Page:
Our mother (mine and my sister’s) died on a Saturday morning. Her life changed: not ended.

Thomas, the one called the twin, was no doubter. (John 20:24ff) He believed; so profoundly that he was totally devastated. He was living the psalmist’s words, “Weeping spends the night…. (Ps 30:5)” Entombed by his grief, only the most unimaginable extreme, touching the wounds of hand and side, held the faintest chance of reaching his brokenness. Peter, too, grieving both the loss and his own denial, is in that place where he doesn’t don’t know what to do, so he does what he knows. (John 21:3ff)  “I’m going fishing.” It’s what he could do. He didn’t do it well, but ….  He is us: “I’m going to work.” “…going for a long walk.”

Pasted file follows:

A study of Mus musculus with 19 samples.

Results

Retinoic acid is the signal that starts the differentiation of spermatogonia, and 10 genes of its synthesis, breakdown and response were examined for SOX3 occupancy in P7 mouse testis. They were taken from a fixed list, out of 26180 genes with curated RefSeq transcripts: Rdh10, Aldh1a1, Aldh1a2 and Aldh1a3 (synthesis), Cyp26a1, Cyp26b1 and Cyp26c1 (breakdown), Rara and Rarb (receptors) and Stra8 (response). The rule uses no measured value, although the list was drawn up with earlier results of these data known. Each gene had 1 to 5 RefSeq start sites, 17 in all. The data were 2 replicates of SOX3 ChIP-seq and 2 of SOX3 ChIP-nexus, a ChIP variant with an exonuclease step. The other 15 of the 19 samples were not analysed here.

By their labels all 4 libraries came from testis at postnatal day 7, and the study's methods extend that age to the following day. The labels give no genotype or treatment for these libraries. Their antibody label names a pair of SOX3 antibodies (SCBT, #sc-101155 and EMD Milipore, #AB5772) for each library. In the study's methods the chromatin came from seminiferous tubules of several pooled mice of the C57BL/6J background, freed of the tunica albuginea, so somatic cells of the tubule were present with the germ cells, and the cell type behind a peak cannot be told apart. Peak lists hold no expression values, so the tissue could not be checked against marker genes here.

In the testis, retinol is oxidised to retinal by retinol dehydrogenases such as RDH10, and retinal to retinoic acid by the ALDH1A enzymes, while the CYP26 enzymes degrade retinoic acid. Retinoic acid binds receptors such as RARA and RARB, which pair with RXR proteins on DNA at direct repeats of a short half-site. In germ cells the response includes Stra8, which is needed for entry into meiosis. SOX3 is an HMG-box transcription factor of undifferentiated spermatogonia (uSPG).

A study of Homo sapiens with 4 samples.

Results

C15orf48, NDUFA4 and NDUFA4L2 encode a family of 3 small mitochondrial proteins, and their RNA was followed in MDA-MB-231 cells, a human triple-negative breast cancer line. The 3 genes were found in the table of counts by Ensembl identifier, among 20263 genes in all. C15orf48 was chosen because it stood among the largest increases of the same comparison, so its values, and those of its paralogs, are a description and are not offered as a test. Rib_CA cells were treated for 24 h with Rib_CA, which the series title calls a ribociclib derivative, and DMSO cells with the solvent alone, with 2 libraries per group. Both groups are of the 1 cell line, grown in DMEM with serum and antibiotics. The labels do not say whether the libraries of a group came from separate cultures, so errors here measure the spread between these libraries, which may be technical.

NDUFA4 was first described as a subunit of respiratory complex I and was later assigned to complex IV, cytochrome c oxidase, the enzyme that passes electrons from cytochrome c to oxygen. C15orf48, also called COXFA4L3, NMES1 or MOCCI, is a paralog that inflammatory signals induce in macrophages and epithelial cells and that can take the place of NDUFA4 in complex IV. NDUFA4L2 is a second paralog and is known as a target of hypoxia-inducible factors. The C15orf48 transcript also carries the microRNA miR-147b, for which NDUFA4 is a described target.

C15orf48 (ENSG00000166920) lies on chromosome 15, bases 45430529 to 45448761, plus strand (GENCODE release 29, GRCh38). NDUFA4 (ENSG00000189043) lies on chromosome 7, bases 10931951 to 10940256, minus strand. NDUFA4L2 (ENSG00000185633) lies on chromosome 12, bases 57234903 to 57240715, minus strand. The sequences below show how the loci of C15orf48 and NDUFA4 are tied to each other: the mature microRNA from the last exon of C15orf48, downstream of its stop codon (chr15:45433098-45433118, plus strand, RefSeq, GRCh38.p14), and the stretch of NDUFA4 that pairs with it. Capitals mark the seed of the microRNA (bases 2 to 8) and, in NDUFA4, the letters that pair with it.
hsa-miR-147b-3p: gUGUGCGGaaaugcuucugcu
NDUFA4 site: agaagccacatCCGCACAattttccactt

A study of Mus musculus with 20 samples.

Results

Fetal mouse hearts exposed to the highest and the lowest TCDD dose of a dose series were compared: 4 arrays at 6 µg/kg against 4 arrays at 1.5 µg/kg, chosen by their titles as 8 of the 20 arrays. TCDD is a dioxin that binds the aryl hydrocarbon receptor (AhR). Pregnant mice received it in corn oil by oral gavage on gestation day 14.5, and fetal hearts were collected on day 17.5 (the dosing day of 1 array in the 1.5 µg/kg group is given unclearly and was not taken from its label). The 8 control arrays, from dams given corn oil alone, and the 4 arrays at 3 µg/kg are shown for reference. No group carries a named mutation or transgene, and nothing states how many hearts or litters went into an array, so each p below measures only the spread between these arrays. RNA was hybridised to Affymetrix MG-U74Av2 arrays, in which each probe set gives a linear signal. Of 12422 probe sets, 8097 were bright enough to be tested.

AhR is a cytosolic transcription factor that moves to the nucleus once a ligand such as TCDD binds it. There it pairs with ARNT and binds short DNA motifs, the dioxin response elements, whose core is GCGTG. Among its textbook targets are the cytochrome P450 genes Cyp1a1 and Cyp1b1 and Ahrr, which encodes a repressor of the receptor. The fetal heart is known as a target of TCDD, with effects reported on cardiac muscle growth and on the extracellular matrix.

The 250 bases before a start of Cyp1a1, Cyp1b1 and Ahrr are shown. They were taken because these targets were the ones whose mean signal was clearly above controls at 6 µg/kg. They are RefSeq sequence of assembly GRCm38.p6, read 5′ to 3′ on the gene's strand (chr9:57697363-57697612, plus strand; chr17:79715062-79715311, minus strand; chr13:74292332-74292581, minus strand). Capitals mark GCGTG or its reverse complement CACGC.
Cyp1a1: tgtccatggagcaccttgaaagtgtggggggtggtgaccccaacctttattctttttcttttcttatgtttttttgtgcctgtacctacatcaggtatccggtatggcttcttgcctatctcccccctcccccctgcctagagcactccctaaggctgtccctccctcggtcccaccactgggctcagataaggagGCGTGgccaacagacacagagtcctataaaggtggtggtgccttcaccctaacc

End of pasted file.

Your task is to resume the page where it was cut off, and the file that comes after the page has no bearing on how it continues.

Jesus meets them both. Gently he comes. No anger. No disappointment. (Make no mistake, this is no sanguine love – this love is stronger than death; fiercer than the grave.) Thomas, peace.  Thomas, touch. Peter, eat. I’ve got you. I’ll restore you. I’ll raise you to new life.

From the dead this Jesus rose, savior and redeemer, that at the end of our earthly days, life is changed, not ended. Too, he comes to us when we are dead in our grief, our sadness, our loss, and offers us a patient and prolonged presence, that in time we may have new life in this life – a resurrection.  The psalmist’s verse is made complete – “Weeping spends the night, but joy comes in the morning.”

Our mother died on a Saturday morning, when we exited the place of her last days, the rain was over and gone, and voice of birds, perhaps turtledoves, was heard around us. Dogwoods in bloom; azaleas just come forth. It was Saturday … in Easter Week … a good day for life to change, not end.